Research and Explore

1. Listed below are some activities that could help increase a country's GNP per capita growth. Assume that you are an officer in the Ministry of Planning. Because funds are limited, not all plans can be implemented at once.

  1. Rank the following activities in the order in which you would undertake them. Explain why you chose this ranking.
    • Resurface and broaden a highway for trucks carrying logs from the country’s largest forest to its only seaport.
    • Provide subsidized loans to banks so they can make small loans with low interest rates to 500 small business owners.
    • Equip twenty minibuses to provide health care and family planning services in rural areas; train and pay salaries of bus workers.
    • Train 100 secondary school graduates to teach in understaffed primary schools and to run adult literacy programs.
    • Train and equip fifty field workers and pay their salaries for a year; each trainee will teach 100 farmers to use a new planting technique that will help increase production.
  2. Are there any activities you would not undertake? Explain.
  3. Think of three additional programs that could help increase GNP per capita. Describe each program and explain how you would fit them into your ranking.

2. How does your local government spend its money? Use your local newspaper, government offices, council members, and other sources to find out what community infrastructure projects (for example, roads, railways, buildings, telecommunications systems, energy supply systems, or water and sanitation systems) have been approved by your local government within the last year. Choose one project that is interesting to you, and answer the following questions:

  1. What is the nature of this project?
  2. Who will benefit from this project, everyone or a segment of the population? Explain your answer.
  3. How much will the project cost?
  4. Who will pay for the project? Are all of the funds public, or are there also private investments? If some of the funds are private, who are these investors and how do they intend to benefit from the project?
  5. Who will pay for maintenance?
  6. Were the environmental impacts of the project considered? Explain.
  7. Were there any people opposed to the project? If so, what were their arguments against the project? Were these arguments valid? Explain.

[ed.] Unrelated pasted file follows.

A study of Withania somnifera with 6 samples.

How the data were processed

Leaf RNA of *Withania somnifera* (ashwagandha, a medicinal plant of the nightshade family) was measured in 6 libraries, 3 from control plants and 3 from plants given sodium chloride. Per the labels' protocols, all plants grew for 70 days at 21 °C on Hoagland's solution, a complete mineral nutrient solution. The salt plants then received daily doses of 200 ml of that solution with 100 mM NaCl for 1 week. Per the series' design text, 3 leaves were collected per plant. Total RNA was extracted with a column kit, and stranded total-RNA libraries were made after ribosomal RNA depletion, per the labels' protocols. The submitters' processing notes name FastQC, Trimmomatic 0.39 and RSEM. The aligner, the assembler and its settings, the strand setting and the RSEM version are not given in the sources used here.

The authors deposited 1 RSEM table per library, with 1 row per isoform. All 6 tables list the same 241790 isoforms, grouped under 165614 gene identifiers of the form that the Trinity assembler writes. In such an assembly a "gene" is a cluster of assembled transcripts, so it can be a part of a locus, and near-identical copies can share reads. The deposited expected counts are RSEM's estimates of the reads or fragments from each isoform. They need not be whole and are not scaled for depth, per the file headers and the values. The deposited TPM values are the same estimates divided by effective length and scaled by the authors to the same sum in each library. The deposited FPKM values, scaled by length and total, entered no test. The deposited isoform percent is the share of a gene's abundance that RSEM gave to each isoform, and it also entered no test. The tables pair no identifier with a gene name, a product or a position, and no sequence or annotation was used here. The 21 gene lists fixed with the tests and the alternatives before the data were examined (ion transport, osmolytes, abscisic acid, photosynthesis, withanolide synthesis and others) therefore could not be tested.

8. In your opinion, will this project contribute to sustainable development? Explain.

3. How has technology affected the workplace? Interview someone in your family or community who has performed the same work or has worked at the same company for 5 - 10 to find out how technology has or has not altered their work productivity and environment and job security.

  1. Find out what your subject does and how long he or she has been in that position. Then ask the following questions:
    • Has the amount of technology you use in your job changed since you started working?
    • If no, are there any parts of your job that you think could benefit from using more technology? In what way?
    • If yes, how has technology affected the way in which you do your job?
    • What kind of training did you get with the new technology? Was it enough? Explain.
    • How has technology affected the number of people or the amount of time required to do your job?
    • How has technology affected the amount of pollution generated in the production process?
    • How has technology affected relationships among employees?
    • How has technology affected the quality of the product?
    • How has technology affected profits?
  2. List at least five additional questions you will ask when you interview your subject.
  3. Based on your interview, prepare an oral presentation or write a report discussing whether technological changes have contributed to sustainable development in your subject’s field of work.